The Douglas County Emergency Telephone Service Authority will be testing the CodeRED emergency notification system on Wednesday, Oct. 4, at 9 a.m. The purpose of this test is to validate the telephone numbers in the Douglas County emergency notification database. There is no need for action if you receive the call.





The Douglas County Health Department provides guidance and support to individuals with COVID-19 and to facilities experiencing a COVID-19 outbreak. These services include conducting case investigation, providing isolation guidance, and connecting individuals to testing and vaccines.

Douglas County community members may also call the state’s CO-HELP call center at 303-389-1687 for general COVID-19 questions or concerns. Additional COVID-19 vaccine updates and locations of care and vaccine providers are also available from CDPHE. For all other public health services, please visit our Services page.

If you are concerned about a COVID-19 outbreak or have other COVID-related questions, contact the health department at 720-643-2400.

COVID-19 Data Dashboard

Get the latest on the CDC's COVID Community Levels and data on COVID-19 cases, hospitalizations, vaccinations, and deaths.

COVID-19 Data Dashboard


Find vaccine information and locations throughout Douglas County.



Locate testing resources if you have symptoms or have been exposed to COVID-19.


Did you know...

You can protect yourself and the people around you against respiratory illness by taking simple steps.

  • When flu, RSV, and COVID-19 are circulating, take extra care to wash your hands frequently. When soap and water are not available, use hand sanitizer. Avoid crowded places to limit your exposure to illness.
  • If you do get sick, stay home. Cover coughs and sneezes, and continue to wash hands frequently. Seek medical care if your symptoms worsen or you are concerned about your health.

Annual vaccination can protect you from getting influenza (flu).

  • Older adults are at increased risk of severe complications from flu.
  • The flu vaccine is adjusted each year to provide protection for each year’s anticipated flu season. While each year’s vaccine varies in effectiveness, vaccination is the best way to prevent flu.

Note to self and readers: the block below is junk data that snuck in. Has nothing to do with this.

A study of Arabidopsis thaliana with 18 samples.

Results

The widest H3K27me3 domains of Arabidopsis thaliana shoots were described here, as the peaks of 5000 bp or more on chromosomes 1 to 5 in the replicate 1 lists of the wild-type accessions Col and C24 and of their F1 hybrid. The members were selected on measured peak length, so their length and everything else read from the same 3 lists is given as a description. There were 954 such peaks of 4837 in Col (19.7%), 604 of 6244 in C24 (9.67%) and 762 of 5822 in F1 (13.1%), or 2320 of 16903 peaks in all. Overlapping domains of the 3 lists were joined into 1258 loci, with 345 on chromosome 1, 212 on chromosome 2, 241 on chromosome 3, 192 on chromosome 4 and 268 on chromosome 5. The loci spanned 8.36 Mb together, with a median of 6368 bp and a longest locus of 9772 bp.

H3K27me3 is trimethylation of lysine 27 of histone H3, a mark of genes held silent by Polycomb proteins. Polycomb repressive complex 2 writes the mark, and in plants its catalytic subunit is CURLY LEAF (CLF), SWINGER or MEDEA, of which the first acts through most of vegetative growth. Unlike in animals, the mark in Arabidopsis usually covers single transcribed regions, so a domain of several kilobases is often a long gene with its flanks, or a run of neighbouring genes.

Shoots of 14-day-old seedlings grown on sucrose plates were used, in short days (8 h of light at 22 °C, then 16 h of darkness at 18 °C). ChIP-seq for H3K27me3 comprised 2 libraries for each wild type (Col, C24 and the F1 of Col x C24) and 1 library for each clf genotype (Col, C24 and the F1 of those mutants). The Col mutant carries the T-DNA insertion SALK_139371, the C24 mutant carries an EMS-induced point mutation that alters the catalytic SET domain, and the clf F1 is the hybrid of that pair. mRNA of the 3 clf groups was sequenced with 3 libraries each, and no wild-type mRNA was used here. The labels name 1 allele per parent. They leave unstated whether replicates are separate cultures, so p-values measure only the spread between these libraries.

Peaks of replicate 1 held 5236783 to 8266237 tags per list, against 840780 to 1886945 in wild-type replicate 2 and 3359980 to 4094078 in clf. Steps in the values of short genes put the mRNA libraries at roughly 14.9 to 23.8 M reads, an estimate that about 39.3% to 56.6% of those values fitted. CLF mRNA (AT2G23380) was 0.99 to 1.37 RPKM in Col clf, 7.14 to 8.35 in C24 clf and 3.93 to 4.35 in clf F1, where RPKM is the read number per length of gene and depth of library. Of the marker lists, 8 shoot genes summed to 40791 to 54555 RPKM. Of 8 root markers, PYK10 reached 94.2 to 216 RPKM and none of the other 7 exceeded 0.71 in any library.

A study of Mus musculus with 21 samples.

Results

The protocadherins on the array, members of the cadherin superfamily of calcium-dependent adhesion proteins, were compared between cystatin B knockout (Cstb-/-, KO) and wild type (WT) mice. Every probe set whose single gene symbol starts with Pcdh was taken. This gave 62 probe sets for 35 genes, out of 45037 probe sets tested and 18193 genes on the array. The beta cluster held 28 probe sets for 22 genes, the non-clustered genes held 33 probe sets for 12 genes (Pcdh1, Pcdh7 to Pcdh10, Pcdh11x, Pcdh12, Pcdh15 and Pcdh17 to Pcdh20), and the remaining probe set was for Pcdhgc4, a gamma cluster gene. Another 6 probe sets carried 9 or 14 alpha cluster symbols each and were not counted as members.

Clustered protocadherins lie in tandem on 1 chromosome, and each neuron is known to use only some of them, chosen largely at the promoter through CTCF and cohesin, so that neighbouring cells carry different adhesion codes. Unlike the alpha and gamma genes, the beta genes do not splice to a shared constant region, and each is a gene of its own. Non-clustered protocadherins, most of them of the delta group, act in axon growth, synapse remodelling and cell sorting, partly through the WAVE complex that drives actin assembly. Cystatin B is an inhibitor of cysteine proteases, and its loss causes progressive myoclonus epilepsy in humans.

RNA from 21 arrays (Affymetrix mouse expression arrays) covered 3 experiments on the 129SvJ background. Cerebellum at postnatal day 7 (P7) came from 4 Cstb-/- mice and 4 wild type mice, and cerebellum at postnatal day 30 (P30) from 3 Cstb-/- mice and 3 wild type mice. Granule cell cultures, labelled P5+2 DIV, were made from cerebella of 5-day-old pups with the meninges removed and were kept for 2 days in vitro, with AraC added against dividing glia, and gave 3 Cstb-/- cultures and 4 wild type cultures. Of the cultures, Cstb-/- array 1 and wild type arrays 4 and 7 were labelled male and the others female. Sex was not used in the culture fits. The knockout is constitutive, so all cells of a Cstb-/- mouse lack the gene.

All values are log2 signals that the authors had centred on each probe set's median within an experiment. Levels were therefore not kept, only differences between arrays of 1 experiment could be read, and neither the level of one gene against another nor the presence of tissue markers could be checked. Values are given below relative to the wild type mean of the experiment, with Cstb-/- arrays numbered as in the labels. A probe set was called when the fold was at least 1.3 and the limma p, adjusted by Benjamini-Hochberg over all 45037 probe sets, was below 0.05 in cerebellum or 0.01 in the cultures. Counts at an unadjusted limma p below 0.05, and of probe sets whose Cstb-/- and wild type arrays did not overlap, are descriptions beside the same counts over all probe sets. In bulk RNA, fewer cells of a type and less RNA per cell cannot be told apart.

• Flu shots do not cause flu illness and have an excellent safety record.
  • People 65 years and older should seek flu vaccines specifically designed to protect older adults. They contain an additional ingredient to cause a better immune response to the vaccine.
  • Locate a flu vaccine near you.

Antiviral treatments can treat flu illness.

  • People with flu who are at higher risk of serious flu complications, including older adults and people with underlying medical conditions, should seek antiviral treatment if they have or may have flu.
  • Antiviral drugs are different from antibiotics and are only effective against flu. Antibiotics are not effective against flu.
  • Flu antiviral treatments work best if they are in the early stages of illness. Talk with your healthcare provider if you may have flu to get medication promptly.

Vaccination continues to protect against current circulating variants of COVID-19.

  • Staying current with your COVID-19 vaccines and boosters can prevent severe illness, hospitalization and death.
  • CDC recommends that everyone age 6 months and older get the updated COVID-19 vaccine released in the fall of 2023.
  • To find COVID-19 vaccine locations near you, search, text your ZIP code to 438829, or call 1-800-232-0233.

Treatments are available if you test positive for COVID-19.

  • Medicines to treat COVID-19 are for people who are at risk of severe illness. People at high risk include people aged 65 and older, people who are obese or overweight, and people with certain medical conditions, including mental health conditions. You may need to adjust or pause other medications while taking medication to treat COVID-19.
  • Treatment works best if you begin medication within a few days of testing positive or feeling sick. Ask your healthcare provider about treatment as soon as you develop symptoms or test positive.
  • Test for COVID-19 to determine if treatment is appropriate.
  • If you do not have a healthcare provider, you can access treatment at a pharmacy through the Test to Treat program. Locate a Test to Treat site.
  • Create a COVID-19 testing and treatment plan so you are prepared. Create a plan in advance with your healthcare provider to make sure you get prompt treatment.

RSV vaccines are now available for older adults and infants.

  • RSV can be more dangerous for infants than older children and adults.
  • Monoclonal antibody treatment is now available for infants and some toddlers to prevent RSV infection. Speak with your child’s healthcare provider to learn more.
  • Two vaccines have been approved for adults age 60 and older. Speak with your health care provider to determine if an RSV vaccine is appropriate for you based on your medical history and risk for severe illness.